Looking down to look up: the gift of Lent



I come from a tradition that doesn’t practice Lent. We had other ways to remember Jesus’ death, week by week. But somewhere along my journey, I discovered that the difficult discipline of Lent extends to me the great grace of being a creature. His creature.

During this forty day journey, we don’t look down to stay there, floundering in the quick-sand of our clay beginnings with all their heavy frailty. We look down to look up, notice our weakness to love His strength, see our sinfulness to revel in His forgiveness. We let ourselves feel our dustiness to turn and live more deeply in grace.

It’s not painless to become aware of my creatureliness. I know the ache of emptiness: the empty arms, the deep places where longing carves great caverns, the body emptied once more of strength. I wrestle with my inability to rest, feel failure at returning again to the same struggles. And discover once more that weakness is not sin. Nor is the need to be held and loved and put back together again and again. On the contrary, dissatisfaction with being a creature lies at the root of all sin.

And so I turn back, free to be small, and ask my Creator to return to me the joy of being His creature. (It’s a big weight off not to try to be God!)

Isaiah helps, offering many grace-gifts to us creatures. (Just have a look at chapter 40, or 41, or 42.) He frames the first seven verses of chapter 43 with the twice-spoken reminder that we are created, formed, made. The verses between offer joy-gifts of living as creatures of our loving Creator:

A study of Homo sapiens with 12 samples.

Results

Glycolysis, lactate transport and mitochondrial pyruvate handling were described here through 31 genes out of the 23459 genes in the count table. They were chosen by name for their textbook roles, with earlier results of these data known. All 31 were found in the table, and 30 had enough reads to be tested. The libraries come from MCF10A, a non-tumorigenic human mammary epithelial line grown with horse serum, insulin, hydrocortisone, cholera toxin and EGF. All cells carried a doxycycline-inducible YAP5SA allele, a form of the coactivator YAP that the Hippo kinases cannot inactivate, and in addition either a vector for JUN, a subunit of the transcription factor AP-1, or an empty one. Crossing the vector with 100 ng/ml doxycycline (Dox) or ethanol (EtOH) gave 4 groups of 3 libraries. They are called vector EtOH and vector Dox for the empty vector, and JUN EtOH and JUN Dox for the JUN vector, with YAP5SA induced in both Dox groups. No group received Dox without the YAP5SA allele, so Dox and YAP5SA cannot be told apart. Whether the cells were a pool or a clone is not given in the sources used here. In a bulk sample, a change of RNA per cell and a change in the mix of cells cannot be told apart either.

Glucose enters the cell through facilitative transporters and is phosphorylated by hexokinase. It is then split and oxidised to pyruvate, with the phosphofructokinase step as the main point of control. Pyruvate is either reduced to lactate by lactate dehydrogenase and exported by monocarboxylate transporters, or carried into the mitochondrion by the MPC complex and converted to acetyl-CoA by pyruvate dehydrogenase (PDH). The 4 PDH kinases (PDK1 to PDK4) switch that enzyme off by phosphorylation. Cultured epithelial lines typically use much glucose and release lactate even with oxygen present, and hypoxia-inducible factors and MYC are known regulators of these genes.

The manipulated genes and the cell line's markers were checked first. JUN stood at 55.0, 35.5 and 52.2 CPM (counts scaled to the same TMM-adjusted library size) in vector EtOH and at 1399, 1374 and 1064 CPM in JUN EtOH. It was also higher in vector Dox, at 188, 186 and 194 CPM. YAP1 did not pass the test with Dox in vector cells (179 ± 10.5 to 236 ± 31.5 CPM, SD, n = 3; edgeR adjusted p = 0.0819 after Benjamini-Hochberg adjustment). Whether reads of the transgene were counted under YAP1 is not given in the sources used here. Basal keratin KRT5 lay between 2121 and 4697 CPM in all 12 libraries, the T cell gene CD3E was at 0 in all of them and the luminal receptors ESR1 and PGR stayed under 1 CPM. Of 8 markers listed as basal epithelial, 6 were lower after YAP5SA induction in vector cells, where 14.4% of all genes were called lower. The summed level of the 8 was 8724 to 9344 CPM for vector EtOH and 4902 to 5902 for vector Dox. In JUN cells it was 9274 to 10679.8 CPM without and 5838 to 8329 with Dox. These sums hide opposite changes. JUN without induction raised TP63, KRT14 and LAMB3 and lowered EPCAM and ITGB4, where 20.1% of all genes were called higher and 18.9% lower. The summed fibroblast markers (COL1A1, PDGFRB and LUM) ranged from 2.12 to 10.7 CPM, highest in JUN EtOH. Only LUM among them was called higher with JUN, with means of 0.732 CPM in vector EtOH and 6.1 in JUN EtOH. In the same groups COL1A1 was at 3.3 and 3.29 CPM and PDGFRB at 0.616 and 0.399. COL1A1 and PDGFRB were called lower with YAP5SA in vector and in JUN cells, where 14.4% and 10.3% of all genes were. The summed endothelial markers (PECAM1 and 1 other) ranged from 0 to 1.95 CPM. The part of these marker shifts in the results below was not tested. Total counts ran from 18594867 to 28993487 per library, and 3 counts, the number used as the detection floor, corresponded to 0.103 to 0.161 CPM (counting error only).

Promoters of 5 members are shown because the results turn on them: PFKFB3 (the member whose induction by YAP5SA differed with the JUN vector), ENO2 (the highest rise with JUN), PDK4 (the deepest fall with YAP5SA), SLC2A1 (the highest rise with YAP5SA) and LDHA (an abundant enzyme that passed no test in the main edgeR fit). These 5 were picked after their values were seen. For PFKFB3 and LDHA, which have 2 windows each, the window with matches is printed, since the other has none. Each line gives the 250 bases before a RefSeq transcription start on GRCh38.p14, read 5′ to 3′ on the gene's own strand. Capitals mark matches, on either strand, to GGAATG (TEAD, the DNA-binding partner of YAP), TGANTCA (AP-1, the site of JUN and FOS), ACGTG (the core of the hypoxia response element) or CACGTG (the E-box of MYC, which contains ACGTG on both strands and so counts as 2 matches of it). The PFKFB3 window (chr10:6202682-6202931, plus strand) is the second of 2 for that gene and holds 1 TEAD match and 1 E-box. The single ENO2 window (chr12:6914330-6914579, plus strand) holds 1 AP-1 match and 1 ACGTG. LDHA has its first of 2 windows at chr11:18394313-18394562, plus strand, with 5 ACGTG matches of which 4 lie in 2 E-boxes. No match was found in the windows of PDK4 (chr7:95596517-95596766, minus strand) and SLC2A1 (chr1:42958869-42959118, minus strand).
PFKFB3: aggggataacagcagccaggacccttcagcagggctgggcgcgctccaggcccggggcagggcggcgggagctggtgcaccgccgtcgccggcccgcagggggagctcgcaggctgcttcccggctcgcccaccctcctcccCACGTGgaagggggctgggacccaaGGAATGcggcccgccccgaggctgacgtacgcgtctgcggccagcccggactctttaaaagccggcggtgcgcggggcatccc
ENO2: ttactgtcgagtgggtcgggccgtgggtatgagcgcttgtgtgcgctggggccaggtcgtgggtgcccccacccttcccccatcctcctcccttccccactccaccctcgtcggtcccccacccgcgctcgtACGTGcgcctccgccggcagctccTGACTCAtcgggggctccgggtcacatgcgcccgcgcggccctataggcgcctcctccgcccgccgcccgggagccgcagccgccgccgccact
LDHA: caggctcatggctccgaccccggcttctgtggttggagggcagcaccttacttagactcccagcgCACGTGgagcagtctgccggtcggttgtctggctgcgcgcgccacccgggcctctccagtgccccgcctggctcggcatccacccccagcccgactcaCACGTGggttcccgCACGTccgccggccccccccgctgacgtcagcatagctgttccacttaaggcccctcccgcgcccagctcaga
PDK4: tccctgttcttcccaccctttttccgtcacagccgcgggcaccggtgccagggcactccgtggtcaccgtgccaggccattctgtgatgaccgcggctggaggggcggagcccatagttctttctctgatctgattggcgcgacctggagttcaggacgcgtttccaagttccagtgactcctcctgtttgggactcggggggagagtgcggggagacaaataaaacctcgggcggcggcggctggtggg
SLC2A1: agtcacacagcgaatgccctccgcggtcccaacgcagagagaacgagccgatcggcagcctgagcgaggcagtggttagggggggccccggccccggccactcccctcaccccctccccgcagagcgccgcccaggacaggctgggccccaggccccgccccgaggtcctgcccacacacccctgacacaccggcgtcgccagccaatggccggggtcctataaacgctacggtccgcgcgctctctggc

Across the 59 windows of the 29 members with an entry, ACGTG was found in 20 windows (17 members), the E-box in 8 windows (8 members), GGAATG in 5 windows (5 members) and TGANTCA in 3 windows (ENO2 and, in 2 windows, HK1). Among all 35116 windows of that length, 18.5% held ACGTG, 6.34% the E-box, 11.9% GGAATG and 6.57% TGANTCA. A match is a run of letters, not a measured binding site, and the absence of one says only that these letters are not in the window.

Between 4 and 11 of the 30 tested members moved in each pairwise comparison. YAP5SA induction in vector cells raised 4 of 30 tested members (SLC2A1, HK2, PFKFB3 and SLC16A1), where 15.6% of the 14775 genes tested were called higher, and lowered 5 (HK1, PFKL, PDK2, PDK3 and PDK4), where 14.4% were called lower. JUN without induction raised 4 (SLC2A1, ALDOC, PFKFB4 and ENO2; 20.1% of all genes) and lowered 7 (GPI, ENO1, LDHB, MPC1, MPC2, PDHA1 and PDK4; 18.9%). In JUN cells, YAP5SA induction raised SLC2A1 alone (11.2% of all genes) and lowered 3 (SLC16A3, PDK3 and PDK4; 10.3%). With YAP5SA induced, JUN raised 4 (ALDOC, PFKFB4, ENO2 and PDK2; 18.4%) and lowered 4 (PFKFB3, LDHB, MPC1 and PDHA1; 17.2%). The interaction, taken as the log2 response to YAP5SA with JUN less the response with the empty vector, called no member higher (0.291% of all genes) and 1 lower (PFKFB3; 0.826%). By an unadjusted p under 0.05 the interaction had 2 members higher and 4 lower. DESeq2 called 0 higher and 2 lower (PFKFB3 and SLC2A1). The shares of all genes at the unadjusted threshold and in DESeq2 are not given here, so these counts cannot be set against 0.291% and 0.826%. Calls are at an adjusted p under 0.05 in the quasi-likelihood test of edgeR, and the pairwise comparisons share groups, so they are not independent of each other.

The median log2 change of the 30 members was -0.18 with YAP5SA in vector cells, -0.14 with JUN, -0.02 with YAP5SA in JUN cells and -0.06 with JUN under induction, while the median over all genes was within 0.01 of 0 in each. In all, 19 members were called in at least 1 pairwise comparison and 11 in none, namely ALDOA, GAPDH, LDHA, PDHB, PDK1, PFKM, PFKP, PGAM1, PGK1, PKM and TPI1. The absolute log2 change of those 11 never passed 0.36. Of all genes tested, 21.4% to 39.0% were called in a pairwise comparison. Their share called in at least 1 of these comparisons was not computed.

• We forever belong  (“You are mine.” v. 1)
  • We are known (“I have called you by name.” v.1)
  • We are accompanied (“I will be with you.” v. 2)
  • We are protected by His presence  (We don’t get to skip the troubles; we’re sheltered in them.  v.2)
  • We are treasured (“since you are precious and honored in my sight, and because I love you. . .”  v.4)
  • We are being made whole, all the parts gathered together, healed and restored in loving relationship with Him (v. 5-6)

It’s here, small and safely held, willing to be fully human rather than trying to be our own God, that we’re finally able to offer our bodies – these fragile, treasured, vulnerable bits of clay – back to the One who asks us to rest in His hands.


at the start of this day

– Your loving gift –

I offer my body to you again

all its strength

and all its weakness.

 

May I not draw back from its weakness

but allow the full force of its weight to press

me into your hand.

 

May I not withdraw from its strength

but let each breath, each word, each step become

a gift of love to You.

 

Teach me how to live the rest

of surrender to being held

while I pray, play, and do the work given me.

 

Help me learn that the way to take up

my cross and follow is to let myself be taken up

and carried.

 

Related posts:

The real call in Ash Wednesday

2 thoughts on “Looking down to look up: the gift of Lent

  1. “Sometimes you can only look down. But even that can help you see up.” After an overwhelming week, this statement is so encouraging. And your photos give the clear understanding – God is reflected in everything around us. Thx for the uplift!